Ex-pat Kiwi Russell Crowe has been asked to deliver a gladiatorial blow to Australia’s hard line stance on Kiwi expats living in Australia in order to provide fairer treatment.
As one of New Zealand’s highest-profile ‘Australians’, (Crowe was born in Island Bay, Wellington), the Oscar-winning actor has been requested to lend his weight to a campaign to take legal action in respect of discriminatory laws in Australia that are seen as unfairly treating New Zealand expats living there.
Crowe regards his own situation as “very odd” given his face appears on a postage stamp in Australia despite not having citizenship in the country he’s called home for most of his life.
It’s an unfair situation that burdens … 250,000 New ZealandersRussell Crowe
“The reason that I talk about it, is not because I couldn’t do, you know, a nudge-nudge, wink-wink deal,” Crowe told the Huffington Post.
“I’m just not that guy, because it’s unfair. It’s an unfair situation that burdens … 250,000 New Zealanders who have made a life in Australia.
“And that’s why I bring it up. Because sooner or later, somebody will come along and say, ‘This is actually completely unfair and we need to change it’, but if I do the nudge-nudge, wink-wink, then I’m bailing on 250,000 other people.”
Two years ago Crowe decried Australian treatment of those on Manus Island, telling Huffington Post he was prepared to house seven asylum-seekers held on the island.
His tweets on the topic hardly held back –
Russell Crowe & Faulkner
Faulkner seized on that, posting online a quote from Crowe and picture of him as Maximus in the Oscar-winning movie Gladiator, to gauge interest in a class action.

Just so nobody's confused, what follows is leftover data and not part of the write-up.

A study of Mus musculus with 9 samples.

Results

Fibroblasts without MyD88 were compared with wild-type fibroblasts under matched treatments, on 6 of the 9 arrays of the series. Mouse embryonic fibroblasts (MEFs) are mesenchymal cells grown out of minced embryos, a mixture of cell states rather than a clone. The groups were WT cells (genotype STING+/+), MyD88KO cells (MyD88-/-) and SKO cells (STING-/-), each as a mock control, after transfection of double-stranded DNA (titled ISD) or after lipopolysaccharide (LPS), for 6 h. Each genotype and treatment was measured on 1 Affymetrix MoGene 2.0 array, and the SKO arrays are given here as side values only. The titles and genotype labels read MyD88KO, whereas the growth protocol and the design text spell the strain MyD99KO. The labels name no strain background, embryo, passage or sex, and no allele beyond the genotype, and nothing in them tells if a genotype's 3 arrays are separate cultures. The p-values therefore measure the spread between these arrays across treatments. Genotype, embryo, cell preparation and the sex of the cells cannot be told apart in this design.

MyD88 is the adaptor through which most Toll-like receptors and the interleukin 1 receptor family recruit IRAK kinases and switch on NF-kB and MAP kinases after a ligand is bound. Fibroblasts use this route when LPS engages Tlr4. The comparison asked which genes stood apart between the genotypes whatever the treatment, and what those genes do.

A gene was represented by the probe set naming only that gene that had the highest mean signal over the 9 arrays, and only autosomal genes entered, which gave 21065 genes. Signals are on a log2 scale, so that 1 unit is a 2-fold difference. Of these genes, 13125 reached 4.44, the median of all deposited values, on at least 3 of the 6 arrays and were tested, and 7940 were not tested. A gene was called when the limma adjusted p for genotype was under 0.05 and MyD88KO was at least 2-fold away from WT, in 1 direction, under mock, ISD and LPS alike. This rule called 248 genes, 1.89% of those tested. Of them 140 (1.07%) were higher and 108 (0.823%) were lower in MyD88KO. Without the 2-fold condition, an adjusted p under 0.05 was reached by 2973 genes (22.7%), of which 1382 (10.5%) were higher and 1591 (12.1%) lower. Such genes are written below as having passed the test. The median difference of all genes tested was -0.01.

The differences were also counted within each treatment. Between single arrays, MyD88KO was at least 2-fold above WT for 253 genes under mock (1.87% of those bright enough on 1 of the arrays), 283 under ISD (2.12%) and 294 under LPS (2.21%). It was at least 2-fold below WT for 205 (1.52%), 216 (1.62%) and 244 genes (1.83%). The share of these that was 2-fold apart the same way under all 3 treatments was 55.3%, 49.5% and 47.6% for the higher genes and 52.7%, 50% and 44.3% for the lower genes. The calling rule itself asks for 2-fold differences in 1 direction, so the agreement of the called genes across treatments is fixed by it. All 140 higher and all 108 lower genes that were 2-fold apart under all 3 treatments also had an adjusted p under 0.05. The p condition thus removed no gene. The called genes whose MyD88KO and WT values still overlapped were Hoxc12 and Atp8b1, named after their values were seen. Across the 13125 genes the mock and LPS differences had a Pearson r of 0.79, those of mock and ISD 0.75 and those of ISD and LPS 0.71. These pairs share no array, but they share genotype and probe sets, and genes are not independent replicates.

“We had an overwhelming response of more than 500 individuals, in an evening, saying that they would be willing to join in,” said Faulkner.
He has spoken with leading class action law firm Maurice Blackburn. The firm would not comment.
Faulkner concedes it would be an uphill battle but there is a precedent in the famous Mabo land decision for grassroots action to nullify unfair laws. He hopes it is a cause that Crowe would consider supporting.
Lawyer Faulkner has long been a strong supporter of New Zealander’s facing discrimination in Australia, as well as assisting others facing such issues.
In 2015 he told Radio Australia’s Pacific Beat program that Kiwis – particularly those from Maori or Pacific Island backgrounds – lived in legal limbo but were in a good position to mount a legal challenge.
“There has been a history of exclusion of Pacific Islanders in Australia prior to the 1970s Free Movement Agreement,” he said.
“It has been suggested that of course it is an attempt to discourage Pacific Islanders to come to Australia … that was one of the motivating factors behind the 2001 changes.
“There’s overwhelming statistical evidence now of indirect discrimination happening and that’s the first leg of a [legal] case.”
Around 250,000 New Zealand citizens have arrived in Australia since 2001.